Greater IT spending means customer service success
Research claims that customer service directors believe that an increase in their IT budgets will directly affect customer satisfaction levels
Those employed in customer services believe there is a direct correlation between customer satisfaction levels and technology, according to research published as part of National Customer Service Week.
More than three quarters (76 per cent) of customer service directors claim that their output could be enhanced by a greater investment in IT, claims the study conducted by Vanson Bourne.
Eight out of ten of those surveyed also said they wanted more assistance from IT departments to help ensure their customer service initiatives were successful.
The research also highlighted the fact that these pleas for closer alignment between customer services and technology come at a time when consumers' expectations continue to grow to a rate that is increasingly hard to keep pace with.
Almost all respondents (97 per cent) said that customers are more likely to complain today than in 2001, with 85 per cent claiming that this increased pressure is one of the biggest challenges they face.
"At a time when customer service is increasingly in the spotlight, customer service directors seem to be crying out for more technology, said Marina Stedman the marketing director at IT Business Management specialist Touchpaper, which commissioned the research.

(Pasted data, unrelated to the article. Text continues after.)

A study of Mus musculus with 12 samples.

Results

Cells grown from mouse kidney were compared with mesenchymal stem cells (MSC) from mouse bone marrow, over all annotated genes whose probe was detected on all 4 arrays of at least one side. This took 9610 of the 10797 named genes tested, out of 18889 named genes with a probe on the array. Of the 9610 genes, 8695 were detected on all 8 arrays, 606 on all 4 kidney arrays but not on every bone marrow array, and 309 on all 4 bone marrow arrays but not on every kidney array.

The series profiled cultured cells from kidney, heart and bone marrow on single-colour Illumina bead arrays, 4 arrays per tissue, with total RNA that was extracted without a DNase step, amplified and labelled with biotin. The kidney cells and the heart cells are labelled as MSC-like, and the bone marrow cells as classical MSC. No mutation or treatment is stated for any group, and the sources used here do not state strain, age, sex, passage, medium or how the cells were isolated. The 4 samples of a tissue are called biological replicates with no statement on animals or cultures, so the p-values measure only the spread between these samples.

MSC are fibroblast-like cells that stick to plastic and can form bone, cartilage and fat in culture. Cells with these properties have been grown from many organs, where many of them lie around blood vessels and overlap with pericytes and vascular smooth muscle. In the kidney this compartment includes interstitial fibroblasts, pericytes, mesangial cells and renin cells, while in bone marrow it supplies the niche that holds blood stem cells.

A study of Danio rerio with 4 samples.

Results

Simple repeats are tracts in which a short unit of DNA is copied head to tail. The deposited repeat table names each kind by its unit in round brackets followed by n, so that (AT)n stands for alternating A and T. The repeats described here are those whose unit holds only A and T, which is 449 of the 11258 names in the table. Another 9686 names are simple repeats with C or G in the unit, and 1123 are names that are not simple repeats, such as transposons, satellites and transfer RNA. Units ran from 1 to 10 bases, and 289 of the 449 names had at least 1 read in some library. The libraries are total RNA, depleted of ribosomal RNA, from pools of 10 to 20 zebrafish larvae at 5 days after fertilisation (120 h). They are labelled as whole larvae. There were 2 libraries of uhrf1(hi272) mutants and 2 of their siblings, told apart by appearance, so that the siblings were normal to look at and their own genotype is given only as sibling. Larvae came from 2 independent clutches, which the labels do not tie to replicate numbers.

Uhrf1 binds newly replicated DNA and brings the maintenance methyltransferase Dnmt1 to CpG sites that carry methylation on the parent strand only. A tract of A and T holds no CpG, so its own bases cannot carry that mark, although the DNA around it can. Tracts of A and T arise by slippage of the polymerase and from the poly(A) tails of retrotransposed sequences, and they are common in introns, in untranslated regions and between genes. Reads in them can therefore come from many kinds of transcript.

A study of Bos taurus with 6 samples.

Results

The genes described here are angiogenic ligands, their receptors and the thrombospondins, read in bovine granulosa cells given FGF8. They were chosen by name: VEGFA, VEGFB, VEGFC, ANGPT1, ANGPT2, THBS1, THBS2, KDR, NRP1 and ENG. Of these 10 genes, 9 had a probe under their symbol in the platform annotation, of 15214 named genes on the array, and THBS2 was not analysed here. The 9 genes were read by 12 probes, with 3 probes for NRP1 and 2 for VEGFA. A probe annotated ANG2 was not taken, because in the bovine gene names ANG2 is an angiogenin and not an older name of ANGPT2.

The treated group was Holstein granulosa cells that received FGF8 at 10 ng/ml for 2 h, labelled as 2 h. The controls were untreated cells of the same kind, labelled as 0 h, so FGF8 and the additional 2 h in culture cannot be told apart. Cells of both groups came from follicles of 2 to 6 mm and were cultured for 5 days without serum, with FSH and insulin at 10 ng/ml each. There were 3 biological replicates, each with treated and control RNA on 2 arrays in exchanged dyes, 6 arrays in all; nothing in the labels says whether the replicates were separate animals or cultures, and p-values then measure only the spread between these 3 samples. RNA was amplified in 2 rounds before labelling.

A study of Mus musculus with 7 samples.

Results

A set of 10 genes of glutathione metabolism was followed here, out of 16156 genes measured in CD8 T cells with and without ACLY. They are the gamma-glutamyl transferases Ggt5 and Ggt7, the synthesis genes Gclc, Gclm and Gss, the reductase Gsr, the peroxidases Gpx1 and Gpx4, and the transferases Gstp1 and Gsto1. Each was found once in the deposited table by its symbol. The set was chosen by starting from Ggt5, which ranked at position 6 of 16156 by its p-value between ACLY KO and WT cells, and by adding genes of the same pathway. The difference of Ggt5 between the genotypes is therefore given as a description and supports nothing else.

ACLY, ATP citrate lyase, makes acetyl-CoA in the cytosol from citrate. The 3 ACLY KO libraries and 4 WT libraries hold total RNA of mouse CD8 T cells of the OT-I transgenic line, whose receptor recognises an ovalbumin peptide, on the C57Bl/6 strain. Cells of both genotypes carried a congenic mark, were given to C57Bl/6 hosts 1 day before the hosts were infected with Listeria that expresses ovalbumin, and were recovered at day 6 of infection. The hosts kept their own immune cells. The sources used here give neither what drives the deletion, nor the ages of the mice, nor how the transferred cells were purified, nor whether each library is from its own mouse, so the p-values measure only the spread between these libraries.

"...There is a feeling that they want more help from IT to ensure that they are getting the most from the systems that they do have."
The research, which surveyed 100 customer service directors from organisations in the private sector with more than 750 employees, also revealed some of the trends that those in the hot seat hope will lessen the burden they currently face.
More than half (62 per cent) believe that, in an increasingly demanding world, self-service technology would enhance customer service levels, while just over three-quarters of respondents said they're pinning their hopes on the success of a multi-channel strategy.
"We are seeing a growing emphasis on self-service systems which empower customers to resolve many simple enquiries themselves," added Steadman.
"Another emerging area is intelligent self learning tools that learn through experience to present customer care staff with the types of information which are most appropriate to specific customers."
A report published last week by The Institute of Customer Service (ICS), which organises and promotes National Customer Service Week, showed that customers have a priority list when determining how satisfactory their experience has been.
The ranking criteria includes overall quality of the product or service supplied, friendliness of staff, handling problems and complaints, speed of service, helpfulness of staff, handling enquiries, being treated as a valued customer, competence of staff, ease of doing business and, finally, being kept informed.
In the wake of its findings, ICS is lobbying the government and public and private sector organisations to work with it to create a national customer satisfaction index (CSI) to ensure country-wide best practice.
"Customers base their evaluation of suppliers on whether they have received the results, outcomes or benefits they were seeking," said Robert Crawford, a director at ICS.
"Customers search for and stay with companies that do best what matters most to customers, so surveys must be based on these same criteria."